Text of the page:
Microsoft to Delete IP Addresses From Bing Search Logs after 6 months

Microsoft has fired a new salvo into the search privacy wars, announcing it will delete IP addresses from the Bing search engine logs after 6 months.

Recall that in early 2007, Google announced it would “anonymize” its user search logs after 18-24 months. Later that year, Google reluctantly decided to add an expiration date to its web cookie, while (unsuccessfully) tried to gain market share by giving users almost complete control over whether any data is collected. Then, in 2008, under pressure from EU regulators, Google announced it would anonymize its search logs after 9 months. Later, Microsoft endorsed the EU’s  Article 29 Working Party’s position that search companies should anonymize data retention logs after 6 months, but only if the other major search engines follow suit. None did, but Yahoo did agree to anonymize its logs after 90 days.

Microsoft has now decided to take the lead in search privacy and agree to the European Union’s demand that data retention be cut to six months. Previously, Microsoft de-identified its search logs immediately, but didn’t purge the IP address until 18 months. Now, de-identification still takes place immediately, and the IP addresses are completely removed in 6 months. Here’s the chart included with Microsoft’s announcement:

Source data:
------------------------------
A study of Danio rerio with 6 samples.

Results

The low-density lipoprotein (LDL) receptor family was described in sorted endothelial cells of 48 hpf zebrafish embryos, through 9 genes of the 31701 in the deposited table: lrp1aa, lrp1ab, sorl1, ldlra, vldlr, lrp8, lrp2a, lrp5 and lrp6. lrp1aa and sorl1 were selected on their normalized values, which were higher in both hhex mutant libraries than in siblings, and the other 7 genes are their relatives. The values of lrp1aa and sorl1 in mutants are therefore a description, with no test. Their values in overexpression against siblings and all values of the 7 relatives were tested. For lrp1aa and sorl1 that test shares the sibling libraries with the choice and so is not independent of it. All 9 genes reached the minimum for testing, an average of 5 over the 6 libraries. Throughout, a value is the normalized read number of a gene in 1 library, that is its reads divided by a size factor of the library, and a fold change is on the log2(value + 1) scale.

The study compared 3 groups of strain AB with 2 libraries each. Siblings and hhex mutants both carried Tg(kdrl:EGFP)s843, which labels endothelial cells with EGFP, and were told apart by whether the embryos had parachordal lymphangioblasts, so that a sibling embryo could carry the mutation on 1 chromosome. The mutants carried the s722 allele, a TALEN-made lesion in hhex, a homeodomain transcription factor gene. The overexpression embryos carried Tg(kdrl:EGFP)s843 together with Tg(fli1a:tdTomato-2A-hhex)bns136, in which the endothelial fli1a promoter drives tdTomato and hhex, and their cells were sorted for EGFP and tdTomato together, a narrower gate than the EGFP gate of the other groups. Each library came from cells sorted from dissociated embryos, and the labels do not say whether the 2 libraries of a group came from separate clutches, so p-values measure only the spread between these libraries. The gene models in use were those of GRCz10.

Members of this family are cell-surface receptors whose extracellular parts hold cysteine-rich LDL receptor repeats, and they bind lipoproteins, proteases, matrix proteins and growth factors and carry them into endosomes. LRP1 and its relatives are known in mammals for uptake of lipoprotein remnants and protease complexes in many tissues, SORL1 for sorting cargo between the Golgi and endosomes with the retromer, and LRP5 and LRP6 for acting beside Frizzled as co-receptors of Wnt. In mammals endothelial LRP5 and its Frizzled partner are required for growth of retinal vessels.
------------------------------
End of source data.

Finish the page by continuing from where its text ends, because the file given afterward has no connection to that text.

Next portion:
Microsoft’s bold move puts significant pressure on Google. Currently Google merely “anonymizes” IP addresses on its server logs after nine months, arguing it must retain user logs to improve their services, fight spam and abuse, and comply with legal obligations. I, of course, have been critical of this reasoning on various occasions, and now Microsoft appears to be confirming that long-term data retention isn’t necessary to run a successful search engine.

Google, the ball is in your court.

(Hat tip to Jules Polonetsky at the Future of Privacy Forum)


  1. Hi there, Michael

    Click to access Privacy%20Protections%20in%20Microsoft%27s%20Ad%20Serving%20System%20and%20the%20Process%20of%20De-Identification.pdf

    Do you know which is the structure of cookie ID assigned to queries on Bing?
    Would it be feasible to apply brute force in combination with hash algorythm for de-identification process used?
    Revert hash to cookie ID is not possible, but is it possible to generate same hash for a particular cookie ID? If lenght and complexity of cookie ID structure is simple, I believe would be easy to generate multiple hashes until creation of a particular one?

    Which is your opinion?


  2. Michael,

    Queries cookie ID is called MUID…have check on my web navigator and MUID structure is 32 characters combination of capital letters and numbers.

    So knowinfg the way Microsoft is creating its own MUID and de-identification hashing algorithm guess could be possible to apply brute force until generate hash that correlates a particular hash on Bing queries log databases.